U.S. Cotton Outlook
This monthís 2001/02 U.S. projections include higher exports and imports and lower ending stocks. Production and domestic mill use are unchanged from last month. Exports are increased 300,000 to 10.3 million, as export sales and shipments remain strong. Imports are increased to 15,000 bales. Projected ending stocks are lowered 300,000 bales to 8.5 million bales.
The U.S. estimates for 2000/01 are unchanged.
World Cotton Outlook
The world 2001/02 situation includes higher
production, beginning and ending stocks, consumption and trade this month.
World production is raised 290,000 bales.
Production increases of 200,000 bales for Pakistan and Greece are
partially offset by reductions for Paraguay, South Africa and Zimbabwe.
World consumption is higher, with increases for the Czech Republic,
Italy, Korea, Mexico, and Pakistan. Import
forecasts are decreased by 250,000 bales in Brazil and 50,000 bales in Pakistan
and increased in the Czech Republic, Italy, Korea, and Mexico.
The world export forecast is increased 195,000 bales as decreases in
Zimbabwe, South Africa, and Paraguay partially offset the increase in the United
States. World stocks are increased
marginally 35,000 bales this month, to 44.0 million bales.
The world estimates for 2000/01 show slightly lower beginning stocks and marginally higher ending stocks, lower exports and higher consumption. Beginning stocks are decreased 46,000 bales, due to adjustments in previous years trade for the Sudan, the Czech Republic and Iran. Imports were increased 55,000 bales, reflecting a change in Czech Republic. Consumption is up 111,000 bales, on increases in Iran and the Czech Republic. Exports are down 187,000 bales on changes in Iran and the Sudan. Ending stocks were up 90,000 bales as a result.
Cotlook A Index:
The A-Index, a principal measure of international cotton prices, is an average
of the five lowest quotes of cotton for delivery to Northern European ports. In March, quotes from Uzbekistan, African Franc-Zone,
Paraguay, Syria and Greece were included in the index.
The index averaged 42.87 cents per pound during the period, down 0.55
cents from the previous month. The
African Franc-Zone quote was the lowest in the index during the four-week
period, averaging 42.13 cents per pound.
Futures Prices: Nearby March 2002 futures prices in February averaged 34.55 cents per pound, down 2.34 cents from last month. Benchmark May 2002 averaged 36.06 cents per pound, down 20 points from last month.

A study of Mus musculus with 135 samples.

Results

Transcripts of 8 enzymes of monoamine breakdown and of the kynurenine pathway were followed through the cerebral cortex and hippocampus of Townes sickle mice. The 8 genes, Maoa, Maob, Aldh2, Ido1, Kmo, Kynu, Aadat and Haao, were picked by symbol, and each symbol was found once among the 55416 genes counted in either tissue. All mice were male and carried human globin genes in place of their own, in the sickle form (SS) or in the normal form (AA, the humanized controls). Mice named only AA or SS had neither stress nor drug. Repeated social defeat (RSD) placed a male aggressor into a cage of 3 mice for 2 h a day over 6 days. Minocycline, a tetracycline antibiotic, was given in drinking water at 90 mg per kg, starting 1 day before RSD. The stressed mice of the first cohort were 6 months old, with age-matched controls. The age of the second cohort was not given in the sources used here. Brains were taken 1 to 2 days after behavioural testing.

U.S. Cotton Highlights
seasonally adjusted daily rate of U.S. cotton consumption in January 2002 was 28,352 (480-lb.) bales, compared with Decemberís
level of 28,754. A total of 565,154
bales were consumed during the four weeks in January, compared with 583,198
during the five weeks in December. The
seasonally adjusted annualized consumption rate for the month of January was 7.4
million bales, down from 7.5 million in December.
report: Domestic mill
activity continued slow. Most mills
have covered their anticipated needs through July 2002.
Some mills expressed interest in replacing high grade, high priced
California cotton with high grade, relatively lower priced Mid-South and/or
Southeastern cotton. Other mills
bought light volumes of lower grades (colors 42 and 53) for denim production.
A slight improvement in demand for sales yarns was reported, as was some
renewed interest in knitted products. Demand
for woven products remained depressed.
cotton stocks on hand in consuming establishments at the end of January were
340,198 bales (480-lb), down from 347,477 in December.
Stocks held in public storage and compresses in January totaled 15.3
million bales, down from 16.3 million in December.
Active spindles in January totaled 2.84 million, of which 1.62 million
were dedicated to 100 percent cotton, compared with 3.93 million for the same
time last year, with 2.1 million dedicated to 100 percent cotton.
share on the cotton spindle system in January was 81.3 percent.
cotton exports in December 2001 totaled 924,000 (480‑lb.) bales, up from 743,000 bales in
November 2001, and 400,000 bales above December 2000.
According to the U.S. Bureau of the Census, the leading markets in
December were India, Mexico, Thailand, Pakistan, Turkey, and Taiwan.
U.S. cotton imports in December 2001 came from Egypt and totaled about 400 bales, up 200 bales from the previous month.